Summary: Sermon for the ninth Sunday after Pentecost, Year B


Intro: One day a very small, sickly-looking man with thick glasses rode into a western town on the stagecoach. He was hired to be the new bartender for the town saloon. He was warned by his new boss, “Remember, drop everything and run for your life if ever you hear that Big John is on his way to town.” Things went well for awhile. Suddenly a big, strong cowhand burst through the swinging door shouting, “Big John’s a’comin’! The patrons scrambled to the door knocking the bartender to the ground. He gathered his senses, found his glasses; but, it was too late. A giant of a man riding bareback on a buffalo using a rattlesnake for a whip came right through the saloon doors, splintering them as he entered. He flung the rattlesnake in the corner, knocked of the tables, took his massive fist and split the bar in half demanding a drink. The bartender nervously handed him a bottle. The giant of a man bit off the top with his teeth, downed the contents in one gulp and let out a belch that shattered the saloon’s mirror. The bartender asked if he’d like another bottle. “I ain’t got no time,” the man roared as he got on his buffalo, rattlesnake in hand. “Big John’s a’comin’ to town!”

I. Life is a series of problems. Either you are in one now, you’re just coming out of one, or you’re getting ready to go into another. Our lives seem to be full of storms of one sort or another.

A. An analysis of the storms in our lives reveals that sometimes they are brought on by our own Stupidity or sin. Sometimes they are caused by one’s own bad decisions. They may be caused by the actions of someone else. At times they just seem to happy and we have no idea why.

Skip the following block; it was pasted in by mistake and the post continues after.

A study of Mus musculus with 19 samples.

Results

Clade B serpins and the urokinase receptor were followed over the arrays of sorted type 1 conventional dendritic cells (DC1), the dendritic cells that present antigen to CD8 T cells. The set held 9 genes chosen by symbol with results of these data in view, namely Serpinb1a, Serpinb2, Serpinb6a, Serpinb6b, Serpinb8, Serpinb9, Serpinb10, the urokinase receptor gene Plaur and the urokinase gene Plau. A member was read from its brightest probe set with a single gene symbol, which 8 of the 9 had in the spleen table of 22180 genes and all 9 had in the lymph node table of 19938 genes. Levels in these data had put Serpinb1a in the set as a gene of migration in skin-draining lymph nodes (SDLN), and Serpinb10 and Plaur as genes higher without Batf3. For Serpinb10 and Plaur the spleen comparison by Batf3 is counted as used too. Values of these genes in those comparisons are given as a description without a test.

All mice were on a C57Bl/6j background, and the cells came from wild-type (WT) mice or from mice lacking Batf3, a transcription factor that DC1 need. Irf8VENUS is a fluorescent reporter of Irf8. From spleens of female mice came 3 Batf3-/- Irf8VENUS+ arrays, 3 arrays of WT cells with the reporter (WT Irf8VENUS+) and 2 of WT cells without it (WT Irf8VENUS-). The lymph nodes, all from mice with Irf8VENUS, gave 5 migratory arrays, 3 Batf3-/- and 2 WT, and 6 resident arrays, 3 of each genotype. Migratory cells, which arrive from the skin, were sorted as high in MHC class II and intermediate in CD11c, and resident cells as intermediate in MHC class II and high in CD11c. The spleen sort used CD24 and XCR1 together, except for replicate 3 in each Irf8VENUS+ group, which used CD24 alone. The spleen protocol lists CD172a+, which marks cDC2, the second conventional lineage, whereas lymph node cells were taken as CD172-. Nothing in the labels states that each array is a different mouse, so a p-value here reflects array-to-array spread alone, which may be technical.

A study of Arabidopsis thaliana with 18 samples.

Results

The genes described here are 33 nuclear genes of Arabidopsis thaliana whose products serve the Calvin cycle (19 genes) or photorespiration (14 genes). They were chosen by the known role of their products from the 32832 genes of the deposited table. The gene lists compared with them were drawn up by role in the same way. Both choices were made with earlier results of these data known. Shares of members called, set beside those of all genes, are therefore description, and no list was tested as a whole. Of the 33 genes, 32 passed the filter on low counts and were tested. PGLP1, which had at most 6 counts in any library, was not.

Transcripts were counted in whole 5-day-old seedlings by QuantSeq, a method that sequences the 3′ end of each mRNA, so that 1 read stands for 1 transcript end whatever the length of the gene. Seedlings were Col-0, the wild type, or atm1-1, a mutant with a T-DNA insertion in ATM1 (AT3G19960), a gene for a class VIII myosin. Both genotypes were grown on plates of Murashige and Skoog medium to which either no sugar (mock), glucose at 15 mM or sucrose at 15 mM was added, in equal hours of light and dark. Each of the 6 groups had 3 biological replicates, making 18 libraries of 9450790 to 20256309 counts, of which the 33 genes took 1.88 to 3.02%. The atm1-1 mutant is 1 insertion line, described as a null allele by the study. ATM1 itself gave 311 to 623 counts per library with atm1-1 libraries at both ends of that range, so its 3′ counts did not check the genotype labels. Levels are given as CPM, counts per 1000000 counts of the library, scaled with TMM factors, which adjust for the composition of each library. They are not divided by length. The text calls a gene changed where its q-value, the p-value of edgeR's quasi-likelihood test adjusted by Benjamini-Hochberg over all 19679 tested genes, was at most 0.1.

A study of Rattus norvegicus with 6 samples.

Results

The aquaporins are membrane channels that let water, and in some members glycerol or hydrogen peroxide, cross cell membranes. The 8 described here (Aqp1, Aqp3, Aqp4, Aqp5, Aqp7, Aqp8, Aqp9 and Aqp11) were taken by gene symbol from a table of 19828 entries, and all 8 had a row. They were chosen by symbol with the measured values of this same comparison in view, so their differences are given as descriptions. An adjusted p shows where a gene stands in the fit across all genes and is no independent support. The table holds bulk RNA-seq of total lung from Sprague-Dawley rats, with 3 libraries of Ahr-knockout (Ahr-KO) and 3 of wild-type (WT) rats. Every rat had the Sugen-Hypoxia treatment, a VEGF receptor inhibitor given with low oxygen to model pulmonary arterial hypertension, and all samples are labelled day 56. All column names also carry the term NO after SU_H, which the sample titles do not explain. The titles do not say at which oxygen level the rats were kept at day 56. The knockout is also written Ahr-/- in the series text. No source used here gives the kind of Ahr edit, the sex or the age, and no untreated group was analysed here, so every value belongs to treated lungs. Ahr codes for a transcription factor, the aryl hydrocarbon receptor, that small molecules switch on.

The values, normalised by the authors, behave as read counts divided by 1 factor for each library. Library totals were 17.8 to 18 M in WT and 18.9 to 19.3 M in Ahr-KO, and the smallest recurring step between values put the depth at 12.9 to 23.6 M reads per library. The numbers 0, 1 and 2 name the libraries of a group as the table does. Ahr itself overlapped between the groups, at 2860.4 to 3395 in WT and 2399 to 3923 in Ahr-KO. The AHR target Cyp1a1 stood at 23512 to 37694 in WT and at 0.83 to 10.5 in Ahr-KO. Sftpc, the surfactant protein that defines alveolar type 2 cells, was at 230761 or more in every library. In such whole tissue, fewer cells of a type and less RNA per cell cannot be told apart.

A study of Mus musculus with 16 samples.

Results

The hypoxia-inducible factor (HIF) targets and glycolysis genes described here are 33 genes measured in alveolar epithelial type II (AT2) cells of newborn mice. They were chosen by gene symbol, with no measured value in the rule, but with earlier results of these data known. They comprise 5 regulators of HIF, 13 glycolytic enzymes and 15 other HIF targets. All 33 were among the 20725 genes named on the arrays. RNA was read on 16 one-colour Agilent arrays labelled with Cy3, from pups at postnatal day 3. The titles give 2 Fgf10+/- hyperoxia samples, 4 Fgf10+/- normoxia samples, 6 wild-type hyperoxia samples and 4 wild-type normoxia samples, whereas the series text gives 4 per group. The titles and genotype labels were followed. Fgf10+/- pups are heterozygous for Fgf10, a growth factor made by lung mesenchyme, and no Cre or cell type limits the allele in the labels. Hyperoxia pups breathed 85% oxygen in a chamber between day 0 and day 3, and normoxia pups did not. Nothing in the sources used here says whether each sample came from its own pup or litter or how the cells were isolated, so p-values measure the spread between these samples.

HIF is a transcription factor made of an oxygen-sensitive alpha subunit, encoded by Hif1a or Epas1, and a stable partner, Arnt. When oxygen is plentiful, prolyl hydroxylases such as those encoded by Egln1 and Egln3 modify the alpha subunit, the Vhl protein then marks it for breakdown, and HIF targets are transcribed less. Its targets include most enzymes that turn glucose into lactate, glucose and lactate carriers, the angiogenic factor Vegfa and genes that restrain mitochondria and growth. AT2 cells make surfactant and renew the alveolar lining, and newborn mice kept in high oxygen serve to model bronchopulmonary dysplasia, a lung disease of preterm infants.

B. Storms happen --- the storm of illness, the storm of death, the storm of rejection, the storm of unjust criticism, the storm of family problems, the storm of addiction. Storms happen to us all.

C. When storms come, we may ask ourselves, “Lord, what have I done to deserve this?” “Lord, why have you left me in the midst of this storm?” --- Storms are not a sign of the absence of the Lord.

II. VS. 18 “A strong wind was blowing and the waters grew rough.”

A. In reality, two storms raged that night on the sea of Galilee. The Sea of Galilee is a deep fresh water lake, 13 miles long by 7 miles wide, 600 feet below sea level. To the east are the Golan Heights rising to a few thousand feet. To the west about 2.000 feet above the shore is the Galilean hill country. Because of the surrounding terrain, storms on the Sea of Galilee are unpredictable and treacherous.

B. Another storm raged that night. This one was in the hearts of the disciples. It had been a full, inspiring day culminating in the feeding of 5,000 people and Jesus leaving them to go into the hills to pray. Was it the suddenness of the storm or the darkness of the hour or the worry about Jesus and his puzzling reaction to the adoring crowds that made this storm worse than others. Vs. 19 “When they had rowed three or three and a helf miles, they saw Jesus approaching the boat, walking on the water; and they were terrified.”